From its earliest comics titles to its most recent Netflix series, Marvel Entertainment has distinguished itself from its competitors and branded itself as a purveyor of authentic, even realist narratives through its consistent use of urban settings. This Roundtable explores the many different strategies Marvel has undertaken as horizontally integrated, transmedia company to solidify its identity, from the use of recognizable historical settings in Agent Carter to the evocation of the urban as multisensory experience in Daredevil.
Each of the contributors will offer an initial short essay responding to the roundtable introduction below. Following this, the contributors will offer further responses.
Marvel, the Urban, and Authenticity: An Introduction (January 17, 2017)
In this roundtable introduction, Mediapolis managing editor Erica Stein introduces the main thematic issues and questions to be addressed.
Branding New York: Marvel Comics and Industry Tradition (January 17, 2017)
In the first essay, Laura Felschow explores the origins and recent history of Marvel’s association with New York City, and how this has helped the company differentiate itself from competitor DC Comics.
Black Metropolis: The Embodied City in Luke Cage (January 19, 2017)
In the second essay, Matt Yockey examines the adaptation tactic used to move the comics’ Power Man to the small (computer?) screen in Netflix’s Luke Cage while maintaining the character’s relevance as a black icon, and the role Harlem played in this adaptation.
Marvel Noir: Agent Carter, the Automat, and Urban Wholeness (January 22, 2017)
In the third essay, Lorrie Palmer discusses the single period-set Marvel television offering, Agent Carter, and its use of locations like the Automat to evoke a unified city.
Rediscovering Bodies in Pain in Marvel’s Netflix Series (January 23, 2017)
In this round’s last essay, James Gilmore argues that Netflix’s Marvel line-up of shows are transmediated texts that encourage us to ponder whose bodies matter, and how they matter, in the contemporary city.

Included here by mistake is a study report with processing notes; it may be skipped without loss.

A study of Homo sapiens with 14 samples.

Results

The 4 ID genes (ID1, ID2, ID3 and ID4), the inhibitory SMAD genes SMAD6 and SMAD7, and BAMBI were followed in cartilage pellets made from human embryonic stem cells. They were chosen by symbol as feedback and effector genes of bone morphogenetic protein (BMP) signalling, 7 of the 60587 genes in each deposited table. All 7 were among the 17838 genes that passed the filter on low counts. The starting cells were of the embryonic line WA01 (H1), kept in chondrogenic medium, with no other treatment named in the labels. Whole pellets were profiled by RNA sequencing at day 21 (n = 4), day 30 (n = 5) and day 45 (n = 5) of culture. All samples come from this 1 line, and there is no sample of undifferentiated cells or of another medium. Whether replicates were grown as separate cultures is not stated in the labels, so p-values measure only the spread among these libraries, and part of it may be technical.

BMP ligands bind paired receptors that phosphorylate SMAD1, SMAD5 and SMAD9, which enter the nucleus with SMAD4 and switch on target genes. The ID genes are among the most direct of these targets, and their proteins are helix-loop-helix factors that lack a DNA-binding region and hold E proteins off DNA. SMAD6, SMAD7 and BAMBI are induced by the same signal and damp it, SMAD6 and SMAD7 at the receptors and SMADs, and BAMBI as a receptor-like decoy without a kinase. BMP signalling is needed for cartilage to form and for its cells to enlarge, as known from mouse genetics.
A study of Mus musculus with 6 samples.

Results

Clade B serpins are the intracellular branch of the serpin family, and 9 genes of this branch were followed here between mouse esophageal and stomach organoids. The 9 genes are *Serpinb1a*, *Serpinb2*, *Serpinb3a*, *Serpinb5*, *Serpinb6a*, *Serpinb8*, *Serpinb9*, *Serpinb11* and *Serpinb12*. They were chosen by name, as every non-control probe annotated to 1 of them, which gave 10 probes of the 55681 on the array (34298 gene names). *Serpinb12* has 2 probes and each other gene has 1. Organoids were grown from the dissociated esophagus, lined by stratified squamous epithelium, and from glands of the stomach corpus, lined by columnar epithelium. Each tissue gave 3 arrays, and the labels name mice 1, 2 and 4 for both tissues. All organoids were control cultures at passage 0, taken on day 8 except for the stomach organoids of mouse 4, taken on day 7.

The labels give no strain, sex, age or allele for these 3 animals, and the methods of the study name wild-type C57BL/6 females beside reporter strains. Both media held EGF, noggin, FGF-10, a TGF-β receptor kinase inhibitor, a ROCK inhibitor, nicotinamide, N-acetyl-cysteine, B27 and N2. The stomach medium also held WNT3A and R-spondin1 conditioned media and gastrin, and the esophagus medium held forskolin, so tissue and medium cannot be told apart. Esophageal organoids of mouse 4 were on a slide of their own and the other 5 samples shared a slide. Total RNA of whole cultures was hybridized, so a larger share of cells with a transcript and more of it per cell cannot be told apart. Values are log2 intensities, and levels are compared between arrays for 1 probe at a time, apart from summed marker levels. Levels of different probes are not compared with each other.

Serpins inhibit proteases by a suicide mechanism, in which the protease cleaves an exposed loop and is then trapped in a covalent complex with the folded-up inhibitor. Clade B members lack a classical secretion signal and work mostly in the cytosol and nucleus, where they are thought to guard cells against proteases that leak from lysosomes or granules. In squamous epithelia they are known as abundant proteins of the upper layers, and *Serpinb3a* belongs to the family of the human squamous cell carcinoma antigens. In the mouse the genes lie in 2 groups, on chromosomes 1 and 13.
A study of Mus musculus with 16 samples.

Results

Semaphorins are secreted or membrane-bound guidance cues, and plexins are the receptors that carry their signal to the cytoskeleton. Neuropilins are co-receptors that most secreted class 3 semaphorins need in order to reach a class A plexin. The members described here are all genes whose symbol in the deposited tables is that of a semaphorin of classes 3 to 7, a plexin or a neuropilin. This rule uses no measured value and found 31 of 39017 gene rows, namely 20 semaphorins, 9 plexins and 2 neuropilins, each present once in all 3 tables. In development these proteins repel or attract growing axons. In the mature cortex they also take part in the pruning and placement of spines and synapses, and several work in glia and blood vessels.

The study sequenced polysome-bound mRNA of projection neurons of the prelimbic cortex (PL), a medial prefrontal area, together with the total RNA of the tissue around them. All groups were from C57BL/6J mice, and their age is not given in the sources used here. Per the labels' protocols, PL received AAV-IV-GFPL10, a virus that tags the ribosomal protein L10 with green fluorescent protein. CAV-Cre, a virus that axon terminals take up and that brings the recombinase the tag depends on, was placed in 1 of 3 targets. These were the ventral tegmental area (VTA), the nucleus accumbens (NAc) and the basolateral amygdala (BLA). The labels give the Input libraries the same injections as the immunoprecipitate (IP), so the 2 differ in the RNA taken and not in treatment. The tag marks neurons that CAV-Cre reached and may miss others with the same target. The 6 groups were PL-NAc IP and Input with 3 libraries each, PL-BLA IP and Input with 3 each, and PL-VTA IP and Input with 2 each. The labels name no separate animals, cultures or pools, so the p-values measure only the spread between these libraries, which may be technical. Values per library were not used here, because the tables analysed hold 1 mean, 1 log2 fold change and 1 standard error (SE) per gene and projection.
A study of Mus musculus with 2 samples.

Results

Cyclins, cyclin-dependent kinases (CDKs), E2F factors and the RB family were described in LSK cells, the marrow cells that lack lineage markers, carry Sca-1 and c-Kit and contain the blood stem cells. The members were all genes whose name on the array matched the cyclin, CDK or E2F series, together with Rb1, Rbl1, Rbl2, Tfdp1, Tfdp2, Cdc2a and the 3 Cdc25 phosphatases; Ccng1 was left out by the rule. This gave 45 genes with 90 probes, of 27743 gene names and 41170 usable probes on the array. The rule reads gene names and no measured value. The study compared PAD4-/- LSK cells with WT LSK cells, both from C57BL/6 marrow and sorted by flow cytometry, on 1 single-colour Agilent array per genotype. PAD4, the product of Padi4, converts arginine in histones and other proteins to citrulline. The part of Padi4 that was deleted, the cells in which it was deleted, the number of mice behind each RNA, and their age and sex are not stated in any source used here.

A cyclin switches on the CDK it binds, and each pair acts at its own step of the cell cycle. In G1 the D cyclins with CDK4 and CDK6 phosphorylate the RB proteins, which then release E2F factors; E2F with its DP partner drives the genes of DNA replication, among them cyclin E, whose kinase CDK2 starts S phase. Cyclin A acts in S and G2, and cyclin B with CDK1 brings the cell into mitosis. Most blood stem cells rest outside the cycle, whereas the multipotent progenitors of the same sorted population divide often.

First We Take Manhattan: Marvel Roundtable Part 2 (January 26, 2017)
Erica Stein reflects on trends in the first series of posts and suggests a question to guide the second: what is Marvel without New York?
Excelsior: Reaching Toward Utopia in Marvel’s New York (January 27, 2017)
In the second round’s first post, Matt Yockey argues Marvel links the superhero to the urban, and to New York City in particular, through affect-inducing strategies that belie both Marvel’s, and the city’s, “ever upward” aspirations.
Borderless Worlds, Imagined Places: Bending Time & Space in the MCU (January 29, 2017)
In the second round’s second post, Laura Felschow analyzes Marvel’s expansion of authenticity to the international in world building and marketing.
Resisting the Grid: A Centrifugal Dance in Marvel’s Relocated City (January 31, 2017)
In the second round’s third post, Lorrie Palmer follows Agent Carter off the grid in her discussion of the second season’s unruly spaces and unruly women.
Assembling an Entry Point: Notes on Navigating the Superhero Genre (February 2, 2017)
In the second round’s fourth and final post, James Gilmore suggests that the vastness of the superhero genre defies generalizations and instead requires scholars to take situated “entry points” to the genre.